Packsaddle: History In The Hill Country

By Kyle Dalton, Contributor

Kingsland, TX - Back in the mid 1960s under the presidential leadership of Lyndon Baines Johnson, the federal government wanted to encourage rural recreation centers in small towns throughout the country.

To accomplish such a feat, the Farmers Home Administration (FHA) set up a program where it would finance the recreation centers for communities of less than 5,000. For every member that joined and paid the $100 down payment and agreed to pay monthly fees of $25-30, the FHA would loan $1,000 to be used in the construction of those facilities.

In Texas, 70 such golf courses were constructed. Through the years some of the courses built under the program were not financially successful and failed. However, there are still quite a few in operation and successful today. One such course is Packsaddle Country Club located in Kingsland, Texas just an hour west of Austin.

For Packsaddle, a small group of men led the membership drive back in the 1960s. After lots of knocking on doors, the group had collected the signatures of 550 members for a total loan amount of $550,000. Back in that time, the money was enough to build a golf course, including the sprinkler system and a nice clubhouse, and a swimming pool. By some estimates, this type of facility would cost approximately $3.5 million today.

Interestingly and coincidentally, Lyndon Baines Johnson owned a lakehouse near the club for many years. He was also rumored to have spent evenings in the clubhouse enjoying a meal on occasion.

With the money and the plan for a recreation center in the works, the group backing the club called on the services of Leon Howard to design the course. Howard, who has done more than 150 courses today, was given the choice of the land he wanted to use for the course.

After looking over the 300-acre spread, Howard decided on a spot that included a large hill, where the clubhouse would be located. "I decided on the high spot to put the clubhouse because it offers a really nice view of the land," Howard said. From the clubhouse you can see almost half the holes on the course and get a good view of what lies ahead of you when you start both the front and the back side.

Both holes - No. 1 and No. 10 - because of their close proximity to the clubhouse and location near the top of the hill offer clear views of each respective hole from the elevated tee box. No. 1, a par 4 of 375 yards, is fairly wide open with a few trees to the left. No. 10, a par 4 of 389 yards is very similar in its design. Both offer wide landing areas, one of the trademarks of a Howard-designed course. "I like to offer a big landing area and a bailout area to the right because a large percentage of golfers slice the ball."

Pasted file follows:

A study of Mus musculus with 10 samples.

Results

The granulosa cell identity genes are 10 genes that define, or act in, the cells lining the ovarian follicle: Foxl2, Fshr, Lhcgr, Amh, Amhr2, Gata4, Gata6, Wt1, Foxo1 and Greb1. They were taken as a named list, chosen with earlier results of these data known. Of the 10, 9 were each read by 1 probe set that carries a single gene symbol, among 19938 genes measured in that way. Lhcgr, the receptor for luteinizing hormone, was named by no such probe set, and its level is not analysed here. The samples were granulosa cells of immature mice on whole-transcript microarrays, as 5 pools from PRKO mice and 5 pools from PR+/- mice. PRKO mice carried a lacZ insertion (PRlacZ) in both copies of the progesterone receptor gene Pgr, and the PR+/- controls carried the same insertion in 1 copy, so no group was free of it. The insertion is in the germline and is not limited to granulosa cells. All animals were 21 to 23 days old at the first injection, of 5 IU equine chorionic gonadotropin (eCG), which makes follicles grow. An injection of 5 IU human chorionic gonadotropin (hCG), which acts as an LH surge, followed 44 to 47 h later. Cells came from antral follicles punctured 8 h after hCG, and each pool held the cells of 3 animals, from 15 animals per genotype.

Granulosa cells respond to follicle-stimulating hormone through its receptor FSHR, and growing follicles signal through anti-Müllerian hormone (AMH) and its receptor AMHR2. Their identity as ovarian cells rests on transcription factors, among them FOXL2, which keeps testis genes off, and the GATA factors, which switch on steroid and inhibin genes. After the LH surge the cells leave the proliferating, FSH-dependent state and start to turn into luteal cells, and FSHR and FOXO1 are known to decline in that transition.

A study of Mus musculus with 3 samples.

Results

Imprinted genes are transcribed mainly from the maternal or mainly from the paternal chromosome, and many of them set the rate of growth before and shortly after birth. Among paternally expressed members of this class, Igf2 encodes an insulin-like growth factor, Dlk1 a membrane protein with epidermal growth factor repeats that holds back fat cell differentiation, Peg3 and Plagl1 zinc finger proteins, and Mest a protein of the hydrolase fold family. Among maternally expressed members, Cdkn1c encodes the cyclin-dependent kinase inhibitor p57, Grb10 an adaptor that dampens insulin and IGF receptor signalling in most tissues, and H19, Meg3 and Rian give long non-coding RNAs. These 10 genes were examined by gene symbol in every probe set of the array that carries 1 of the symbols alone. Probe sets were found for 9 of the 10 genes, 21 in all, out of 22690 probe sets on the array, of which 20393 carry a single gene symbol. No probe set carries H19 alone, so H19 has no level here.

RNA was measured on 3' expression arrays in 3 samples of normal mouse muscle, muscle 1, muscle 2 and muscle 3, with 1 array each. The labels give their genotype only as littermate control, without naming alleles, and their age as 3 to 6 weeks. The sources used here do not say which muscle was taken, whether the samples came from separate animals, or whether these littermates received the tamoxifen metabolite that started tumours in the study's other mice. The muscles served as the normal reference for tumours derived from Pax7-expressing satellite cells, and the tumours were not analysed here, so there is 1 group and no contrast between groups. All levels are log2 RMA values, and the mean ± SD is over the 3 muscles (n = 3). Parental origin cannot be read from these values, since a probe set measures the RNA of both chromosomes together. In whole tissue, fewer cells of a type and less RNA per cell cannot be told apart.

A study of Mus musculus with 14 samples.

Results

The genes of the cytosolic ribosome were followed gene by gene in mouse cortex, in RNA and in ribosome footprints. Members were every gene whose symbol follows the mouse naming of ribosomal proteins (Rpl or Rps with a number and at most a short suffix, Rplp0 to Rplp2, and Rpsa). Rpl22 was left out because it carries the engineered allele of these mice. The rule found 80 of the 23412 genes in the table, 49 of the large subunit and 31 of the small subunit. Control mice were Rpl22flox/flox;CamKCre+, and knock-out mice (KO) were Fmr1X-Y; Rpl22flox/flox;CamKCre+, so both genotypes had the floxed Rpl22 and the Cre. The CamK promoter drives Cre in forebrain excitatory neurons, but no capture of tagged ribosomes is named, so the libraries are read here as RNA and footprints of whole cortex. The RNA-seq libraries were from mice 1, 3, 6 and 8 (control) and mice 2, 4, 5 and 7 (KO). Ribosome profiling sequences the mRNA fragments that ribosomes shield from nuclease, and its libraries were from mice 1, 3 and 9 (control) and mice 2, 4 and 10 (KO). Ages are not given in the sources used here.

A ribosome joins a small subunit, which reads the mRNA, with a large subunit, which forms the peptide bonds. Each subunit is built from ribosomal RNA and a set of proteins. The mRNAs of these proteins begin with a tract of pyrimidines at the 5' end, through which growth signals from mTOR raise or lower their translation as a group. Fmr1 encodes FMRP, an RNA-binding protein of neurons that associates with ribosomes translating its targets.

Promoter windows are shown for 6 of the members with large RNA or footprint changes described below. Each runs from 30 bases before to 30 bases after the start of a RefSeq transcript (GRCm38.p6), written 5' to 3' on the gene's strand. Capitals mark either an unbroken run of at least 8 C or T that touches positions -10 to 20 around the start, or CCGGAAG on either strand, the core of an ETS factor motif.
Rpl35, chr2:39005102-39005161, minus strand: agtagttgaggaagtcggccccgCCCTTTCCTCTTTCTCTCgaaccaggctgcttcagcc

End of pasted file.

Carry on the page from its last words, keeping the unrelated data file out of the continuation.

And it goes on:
Another Howard trademark is water. "I like water. It's good from an aesthetics standpoint and it's the most economically maintained of all the hazards." No. 2 provides plenty of water in the form of a large pond. You must hit it solid off the tee on this par 3 of 196 yards to avoid the water and a few trees to the right. If you don't you're looking at bogey or worse.

Water also factors in on the closing hole on the front side, the No. 1 handicap hole on the course. Off the tee box to the left is a pond that runs parallel to the fairway. A narrow portion also crosses the fairway near the tee boxes. If that's not enough, there is a cluster of trees to the right on this par 4 of 431 yards that doglegs to the right. Add in to the equation that it's uphill and you understand why it's rated the most difficult hole.

The back side sparsely features water but on the one hole it does, it's omnipresent. The signature hole on the course, No. 16, is a par 3 of 204 yards. From the tee, you must hit to a green that has a steep slope to the right that runs off in to the pond. To add to the difficulty, a group of tall trees sit to the right and almost in front of the green. Only if the pin location is on the left side of the green is the flagstick visible. Otherwise, you must hit your ball to a blind pin location with trees and water waiting for any wayward shot to the right.

While water on these few holes adds to the challenge and beauty of the course, Howard made the most of the remaining 177 acres he used for the course. With the rolling terrain Howard created several holes with blind ridges that put knowledge of the course at a premium. Trees are also prevalent throughout the course but the large landing areas give you plenty of opportunity to avoid them. Interestingly, another Howard trademark is bunkers, or more accurately, a lack of them. Put the sand wedge away and bring your ball retriever in its place.

The course is also laid out where the predominant south-southwest wind can either help you or hurt you as it is blowing in your face or directly behind you on a majority of the holes.

The Tifdwarf Bermuda greens are very receptive to incoming shots. This should come as no surprise considering the fact that the current USGA specs used for greens were actually developed by Howard.

After Howard completed his design including the greens, the course officially opened for business in 1968. Unfortunately, the operation and management of the course through the years wasn't as thorough as Howard was in his design.

Since its opening, Packsaddle has been through some rough times both on and off the course. Like many other clubs that were part of the original FHA program, the membership at Packsaddle was difficult to maintain. As a result, the FHA foreclosed on the property in 1980.


Conditions: A-
Layout: A
Service: B
Practice Fac.: B
Club House/Pro Shop: B
Pace of Play: A
Value: A
Overall Rating: A-

Kyle Dalton, Contributor

Since graduating from the University of Texas in 1992 with a degree in journalism, Kyle Dalton has been a writer and editor for a variety of national publications in various fields.